Editor’s note: We asked officials at our local high schools to identify two seniors who are good representatives of the Class of 2010. The Bishop’s School selected Christian Theuer and Joy Hermes.

BY EMILY DeRUY

Contributor

When Christian Theuer takes on a task, he commits himself to it completely. The Bishop’s School senior excels in most of his endeavors, and yet he is affable and levelheaded. It’s a winning combination.

Almost four years ago, Christian stepped onto the football field as a 5-foot-2-inch scrawny freshman. This year, standing at nearly 6 feet tall, he was named All-Coastal League running back.

“Football was probably the biggest challenge for me at Bishop’s,” he said. “But the coaches never gave up on me. I kept playing, and I made the all-league team.”

The senior has accrued a host of honors beyond the realm of athletics, as well. As part of his Advanced Placement Government course, Christian participated in Mock Trial, engaging in a simulated courtroom setting with other students. The Bishop’s team took first place in the San Diego County Mock Trial Competition, and Christian was named the best prosecution trial attorney in the state at the California Mock Trial Finals in March.

“It was great to win the award at finals,” he said. “But winning the county competition was the best because we did it as a team. We all worked really hard.”

Christian is especially proud of another team effort at Bishop’s. He co-founded and has helped lead The Bishop’s School African-American Honor Society. Aimed at bringing the black community together and raising the GPA of African-American pupils, the club “recognizes the accomplishments of black students on campus that would otherwise go unrecognized,” he said.

He spearheaded a Black History Month kickoff and helped organize weekly presentations.

“We involved every single African-American on campus,” Christian said, pleased and calling the success of the club his greatest accomplishment at Bishop’s.

Christian graduated on May 28, and he will spend the summer working before heading to North Carolina to attend Duke University in the fall.

“I’m sad to leave Bishop’s,” he said. “But I’m excited, too. Duke was my number one school. I’m so happy to be going there.”

Christian, who plans to major in public policy, plans to do Mock Trial at Duke, as well as run track. The ambitious senior is also laying out plans for life after college. Christian wants to go into law, a decision due in part to his involvement in Mock Trial.

Wherever life leads, Christian said he knows from experience that teamwork and effort are crucial to success, and he shows every sign of continuing to triumph in the opportunities and challenges that await him.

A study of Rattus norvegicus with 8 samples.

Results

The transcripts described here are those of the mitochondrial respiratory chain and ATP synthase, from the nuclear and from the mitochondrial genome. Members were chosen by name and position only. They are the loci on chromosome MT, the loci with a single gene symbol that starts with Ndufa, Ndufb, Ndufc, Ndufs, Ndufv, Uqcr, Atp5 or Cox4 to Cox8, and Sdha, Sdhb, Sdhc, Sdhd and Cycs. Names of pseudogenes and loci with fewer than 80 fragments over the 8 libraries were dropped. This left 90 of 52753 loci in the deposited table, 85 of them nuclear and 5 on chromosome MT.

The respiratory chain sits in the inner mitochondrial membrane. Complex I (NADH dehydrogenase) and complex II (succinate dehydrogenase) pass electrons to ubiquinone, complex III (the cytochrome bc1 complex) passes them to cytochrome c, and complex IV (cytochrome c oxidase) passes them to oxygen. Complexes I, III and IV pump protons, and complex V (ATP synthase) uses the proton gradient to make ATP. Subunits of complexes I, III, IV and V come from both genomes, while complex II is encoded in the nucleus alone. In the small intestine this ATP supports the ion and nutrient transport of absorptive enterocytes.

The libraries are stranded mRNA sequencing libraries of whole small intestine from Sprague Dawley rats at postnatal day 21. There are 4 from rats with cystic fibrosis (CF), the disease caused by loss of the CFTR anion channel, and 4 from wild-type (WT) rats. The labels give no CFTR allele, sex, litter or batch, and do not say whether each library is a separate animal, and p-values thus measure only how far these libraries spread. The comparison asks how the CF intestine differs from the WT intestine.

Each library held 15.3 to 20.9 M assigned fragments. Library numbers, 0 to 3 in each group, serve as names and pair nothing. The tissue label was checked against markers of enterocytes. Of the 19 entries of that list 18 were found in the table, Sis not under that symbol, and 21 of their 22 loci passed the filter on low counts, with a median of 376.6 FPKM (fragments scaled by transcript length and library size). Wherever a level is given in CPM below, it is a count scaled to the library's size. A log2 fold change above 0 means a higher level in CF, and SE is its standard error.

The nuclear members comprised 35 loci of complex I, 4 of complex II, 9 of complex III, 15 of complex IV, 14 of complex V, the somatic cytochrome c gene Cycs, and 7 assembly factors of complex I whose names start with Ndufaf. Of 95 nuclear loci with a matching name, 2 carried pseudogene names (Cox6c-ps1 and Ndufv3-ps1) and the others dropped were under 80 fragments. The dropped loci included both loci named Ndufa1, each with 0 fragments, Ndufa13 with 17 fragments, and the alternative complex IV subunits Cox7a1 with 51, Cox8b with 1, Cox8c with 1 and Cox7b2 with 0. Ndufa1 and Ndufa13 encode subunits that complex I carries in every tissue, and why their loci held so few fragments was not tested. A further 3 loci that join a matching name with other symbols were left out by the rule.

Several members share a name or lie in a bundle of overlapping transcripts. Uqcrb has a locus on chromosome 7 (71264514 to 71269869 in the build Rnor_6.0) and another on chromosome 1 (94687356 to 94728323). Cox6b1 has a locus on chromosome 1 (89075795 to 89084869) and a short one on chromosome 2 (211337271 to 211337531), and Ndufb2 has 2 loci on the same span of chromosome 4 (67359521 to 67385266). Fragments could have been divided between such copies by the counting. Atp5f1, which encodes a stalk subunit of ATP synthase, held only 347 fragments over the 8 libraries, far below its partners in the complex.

Joy Hermes

Joy Hermes has been at Bishop’s since seventh grade, and she was familiar with the campus long before that. Her brothers both attended the school. The graduating senior feels at home at Bishop’s, and she has made it her priority to give back to the community that has played such a vital role in her upbringing.

Friendly and outgoing, Joy has earned the respect of classmates and teachers alike. She was elected to class council in middle school, and served as secretary her junior year. This year, she is Associated Student Body Council chief of staff, a position chosen by the faculty adviser.

“I like giving back, planning events. It’s fun,” Joy said. “ASBC teaches responsibility. You have to communicate and interact with people from other grades.”

She says her greatest accomplishment is seeing what the council is capable of producing.

“Even though we’re a bunch of 16- to 18-year-olds, it’s impressive. And it’s a team effort. It’s great to see what we can all come up with!”

As chief of staff, Joy has helped coordinate spirit events and the end-of-year dance. She’s careful to point out, however, that the council tackles more serious issues, as well.

“We discuss diversity and meet with faculty about things like the format of final exams,” she said.

ASBC has afforded Joy the opportunity to forge bonds with a diverse range of students and faculty. She can name everyone in her grade, and she feels comfortable interacting with teachers and advisers.

“That’s what is nice about a small school,” Joy said. “We’ll take that when we leave, and we’ll keep in contact.”

While serving on the council takes up a significant chunk of her time, Joy has maintained involvement in other facets of life at Bishop’s.

“I was goalie for the varsity field hockey team and co-president of the Invisible Children club,” she says. “I also do yoga off campus for the physical education requirement. There’s so much to choose from!”

In the fall, Joy will join the freshmen class at UC Berkeley, where she hopes to be involved in campus leadership. She intends to pursue a career in medicine, specifically focusing on preventative care research. A summer course in genetics sparked her interest in the field.

Looking forward to welcome week and new beginnings reminds Joy of her initial days at Bishop’s.

“I have such an odd feeling about graduating,” Joy said. “I remember my first day on campus as a student here. It’s so weird to think that was six years ago.”

Nervousness aside, Joy and Christian are well prepared to leap into college life. Although Bishop’s is small, it demands independence of students, a skill that will aid both students as they learn to navigate and thrive in college and beyond.